Old dog is a master at learning new tricks
Forget what you’ve heard about old dogs and new tricks. Levi may be nearly 11 years old, but ask anyone who knows him and they’ll tell you he’s one of the quickest learners around. He simply loves being able to put his brain to work and jumps at any opportunity to do so.
His love of learning goes way back to when he was part of a prison training program at the shelter he was in before he came to Best Friends. Inmates spent time teaching the dogs from the shelter basic manners and cues, and Levi quickly became the star pupil. With his skills and smarts, he had no trouble finding a home, but without a job to keep his mind busy, he started acting out. And when the family was no longer able to handle him, he eventually ended up at Best Friends Animal Sanctuary.
Now, caregivers try to turn everything into a job for him to keep him happy and engaged, because a bored Levi is a mischievous Levi.
Smarter than the average bear (er, dog)
“The thing I always tell everybody whenever I introduce them to Levi is that he is smarter than me,” says Madi Habel, Dogtown supervisor at Best Friends. “He is the smartest dog that I have ever met.”
With a dog as smart as Levi, it’s important to keep him engaged. When he doesn’t have an outlet for his energy, he gets frustrated and starts jumping up on people, which can be a little overwhelming, because he’s a big dog. Other times, he might play pranks on them instead.
“He knows what he’s doing,” Madi says. “He’ll walk with volunteers and purposely get them lost. And then they wander to a staff member for directions. He’s done that too many times for it to be the person getting lost.”
His human friends love him, though, mischievous streak and all. “Prove to him that you can at least pretend to be smarter than him, and you’re good,” McKenzie Stribling, one of Levi’s caregivers, says. “Because none of us is smarter than him. He is smarter than all of us.”
Levi’s repertoire of cues includes all the basics (sit, down, shake, stay) and the list keeps growing. He’s an excellent dog for showing people how to teach new tricks, because he takes to it quickly, so he often becomes the go-to dog for caregivers to hone their training.
He’s passed C.L.A.S.S. (the canine life and social skills class) twice, with different caregivers each time. “By the end of the course, you had to learn a new trick,” explains McKenzie. During one of those classes, Levi learned to pack himself into a suitcase with the “pack up” cue, a trick which earned him first prize in competition at the Sanctuary.
The clever pooch has learned to skateboard, too, though he’s a bit too big to fit on the board entirely, so he has to settle for scooting around with just his front paws on it.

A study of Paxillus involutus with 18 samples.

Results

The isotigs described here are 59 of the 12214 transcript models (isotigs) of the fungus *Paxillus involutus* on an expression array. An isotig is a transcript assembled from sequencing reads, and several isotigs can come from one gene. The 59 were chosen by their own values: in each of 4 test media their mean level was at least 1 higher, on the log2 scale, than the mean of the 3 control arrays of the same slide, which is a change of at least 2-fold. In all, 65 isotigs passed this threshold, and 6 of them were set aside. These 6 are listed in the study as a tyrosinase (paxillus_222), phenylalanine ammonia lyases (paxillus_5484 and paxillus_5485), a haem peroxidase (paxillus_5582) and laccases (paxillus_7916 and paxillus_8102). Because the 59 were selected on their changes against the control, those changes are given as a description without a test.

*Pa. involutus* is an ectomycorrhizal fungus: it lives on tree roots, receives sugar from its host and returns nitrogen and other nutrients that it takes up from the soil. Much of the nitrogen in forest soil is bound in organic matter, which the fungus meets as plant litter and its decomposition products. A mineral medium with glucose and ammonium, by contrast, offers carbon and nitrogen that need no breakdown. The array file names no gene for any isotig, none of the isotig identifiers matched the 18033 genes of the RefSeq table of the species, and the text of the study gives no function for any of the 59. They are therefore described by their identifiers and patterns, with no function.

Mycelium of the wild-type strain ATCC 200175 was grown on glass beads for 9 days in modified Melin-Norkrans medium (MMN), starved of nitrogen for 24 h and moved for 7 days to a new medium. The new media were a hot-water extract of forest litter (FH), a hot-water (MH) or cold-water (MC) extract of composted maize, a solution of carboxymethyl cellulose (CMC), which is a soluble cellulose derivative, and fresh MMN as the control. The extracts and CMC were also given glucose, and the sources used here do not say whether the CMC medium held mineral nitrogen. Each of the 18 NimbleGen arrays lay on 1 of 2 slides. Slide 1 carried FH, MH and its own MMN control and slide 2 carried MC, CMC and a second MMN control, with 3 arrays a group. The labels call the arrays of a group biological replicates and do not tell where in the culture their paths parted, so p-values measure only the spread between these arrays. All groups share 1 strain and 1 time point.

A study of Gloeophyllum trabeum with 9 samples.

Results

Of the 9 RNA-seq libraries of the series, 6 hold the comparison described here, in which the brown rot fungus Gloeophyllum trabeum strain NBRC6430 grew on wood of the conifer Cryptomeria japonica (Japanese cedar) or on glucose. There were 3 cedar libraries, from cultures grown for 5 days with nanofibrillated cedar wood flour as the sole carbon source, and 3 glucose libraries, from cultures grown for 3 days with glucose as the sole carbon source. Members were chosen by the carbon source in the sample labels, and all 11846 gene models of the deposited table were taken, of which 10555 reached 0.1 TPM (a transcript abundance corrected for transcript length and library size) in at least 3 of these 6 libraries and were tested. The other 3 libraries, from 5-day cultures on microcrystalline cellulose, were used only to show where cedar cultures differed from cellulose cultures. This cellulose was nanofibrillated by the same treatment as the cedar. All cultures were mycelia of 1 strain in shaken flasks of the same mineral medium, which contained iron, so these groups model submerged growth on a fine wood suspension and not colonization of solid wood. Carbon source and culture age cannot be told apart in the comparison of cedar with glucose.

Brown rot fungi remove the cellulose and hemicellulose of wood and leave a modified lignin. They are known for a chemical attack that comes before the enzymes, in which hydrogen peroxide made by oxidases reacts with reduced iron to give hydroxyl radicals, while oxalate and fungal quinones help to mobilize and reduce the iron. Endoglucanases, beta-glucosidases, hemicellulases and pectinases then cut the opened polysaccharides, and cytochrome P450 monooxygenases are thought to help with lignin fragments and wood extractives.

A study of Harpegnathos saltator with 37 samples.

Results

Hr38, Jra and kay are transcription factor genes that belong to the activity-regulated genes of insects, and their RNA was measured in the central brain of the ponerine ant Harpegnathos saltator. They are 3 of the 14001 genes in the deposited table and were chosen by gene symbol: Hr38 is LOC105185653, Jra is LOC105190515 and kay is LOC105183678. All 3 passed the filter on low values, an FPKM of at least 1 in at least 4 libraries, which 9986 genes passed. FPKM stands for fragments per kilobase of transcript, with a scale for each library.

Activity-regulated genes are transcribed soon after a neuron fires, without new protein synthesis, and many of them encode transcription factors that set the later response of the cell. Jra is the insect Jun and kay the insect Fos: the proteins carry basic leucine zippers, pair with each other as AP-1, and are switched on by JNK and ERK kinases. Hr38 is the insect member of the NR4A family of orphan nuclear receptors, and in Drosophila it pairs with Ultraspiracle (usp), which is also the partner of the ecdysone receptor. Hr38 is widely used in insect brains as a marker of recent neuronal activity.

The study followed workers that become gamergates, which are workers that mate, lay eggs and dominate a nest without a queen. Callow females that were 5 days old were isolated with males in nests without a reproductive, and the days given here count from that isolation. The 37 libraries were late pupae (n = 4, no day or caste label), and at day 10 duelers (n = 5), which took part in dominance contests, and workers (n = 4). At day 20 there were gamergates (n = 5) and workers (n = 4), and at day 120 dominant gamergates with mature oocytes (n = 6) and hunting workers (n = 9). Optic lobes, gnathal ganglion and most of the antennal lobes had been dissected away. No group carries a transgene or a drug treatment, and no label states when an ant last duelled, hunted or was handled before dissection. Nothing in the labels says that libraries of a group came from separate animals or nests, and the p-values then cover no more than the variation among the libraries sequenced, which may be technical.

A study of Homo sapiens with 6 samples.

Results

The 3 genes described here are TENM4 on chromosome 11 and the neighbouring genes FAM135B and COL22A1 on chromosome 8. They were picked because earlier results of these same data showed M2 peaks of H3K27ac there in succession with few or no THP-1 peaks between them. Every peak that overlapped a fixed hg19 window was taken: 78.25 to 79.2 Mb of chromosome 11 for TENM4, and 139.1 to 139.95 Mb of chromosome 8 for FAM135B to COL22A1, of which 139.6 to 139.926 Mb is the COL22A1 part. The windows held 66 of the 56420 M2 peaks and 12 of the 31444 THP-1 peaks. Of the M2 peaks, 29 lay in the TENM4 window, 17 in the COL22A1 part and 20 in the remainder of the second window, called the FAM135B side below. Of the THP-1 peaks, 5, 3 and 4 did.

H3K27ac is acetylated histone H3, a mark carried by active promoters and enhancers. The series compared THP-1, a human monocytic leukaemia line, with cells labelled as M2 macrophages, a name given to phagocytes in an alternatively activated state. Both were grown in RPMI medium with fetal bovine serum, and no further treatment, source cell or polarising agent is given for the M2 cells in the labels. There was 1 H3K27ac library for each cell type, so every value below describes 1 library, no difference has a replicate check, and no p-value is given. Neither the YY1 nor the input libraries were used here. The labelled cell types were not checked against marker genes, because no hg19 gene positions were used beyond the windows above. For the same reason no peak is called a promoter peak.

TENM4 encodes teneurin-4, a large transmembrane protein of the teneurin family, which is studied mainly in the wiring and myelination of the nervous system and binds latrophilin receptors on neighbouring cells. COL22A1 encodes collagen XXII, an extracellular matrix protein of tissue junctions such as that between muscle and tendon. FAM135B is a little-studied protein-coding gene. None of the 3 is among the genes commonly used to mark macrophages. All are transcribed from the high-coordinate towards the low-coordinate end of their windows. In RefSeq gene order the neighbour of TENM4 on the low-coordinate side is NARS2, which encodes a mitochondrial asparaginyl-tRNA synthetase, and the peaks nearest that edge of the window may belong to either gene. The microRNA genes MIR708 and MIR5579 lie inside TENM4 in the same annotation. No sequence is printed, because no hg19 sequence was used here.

Agility, nose work: Levi does it all. He’s even dipped his paws into search and rescue.
“Usually when the dog finds you,” Madi says, “you just give them a cookie. But he was so amped about it that we had to teach him to lie down when he found us. He’d be so happy he’d pounce, lie down and then run back. He wouldn’t even wait for a cookie, he was so excited to do it. He was really good at it, too.”
Honestly, if Levi had thumbs, he could probably be the one writing this story.
Canine life and social skills
Having structure and opportunities for mental exercise also helps Levi relax. “A lot of dogs need systems,” explains Madi, “but he loves having a system. It’s done wonders for him mentally. You can see he can actually calm down now. There would be times when he would just be frantic and jumping for something to do. So, when you come into his area and can say ‘Hey, we’re doing this thing. You’re going to go to your place. You’re going to wait. We’re going to do very structured things,’ then he can rest.”
His age has barely slowed him down and he still has more energy than many dogs much, much younger than him. Levi enjoys going out on hikes and swimming at the dog park, and while he can’t have toys unsupervised (because he tries to eat bits and pieces of them), he loves gnawing on a good Kong toy.
On the weekends, Levi has a volunteer friend who takes him out for long trips into the nearby town for a change of scenery. “Susan’s a certified trainer,” Madi says, “and he’s her favorite dog ever. They go on adventures, and they do all kinds of almost service-dog-type training: getting him to be super calm and relaxed on leash in public, all kinds of things giving him experience outside of the Sanctuary.”
It’s in making dog friends where Levi struggles. He’s not really interested in having a canine companion, and that makes it harder to place him in a home. Most people who love dogs and have the skills to keep a dog like Levi happy, already have one. But one day when Levi meets his match in a person without another pup who appreciates his brilliance, he’ll be a friend for life.
Help dogs near you
Learning tricks, meeting new people, going for a walk: All are important for helping pets on their journey home, and you can help.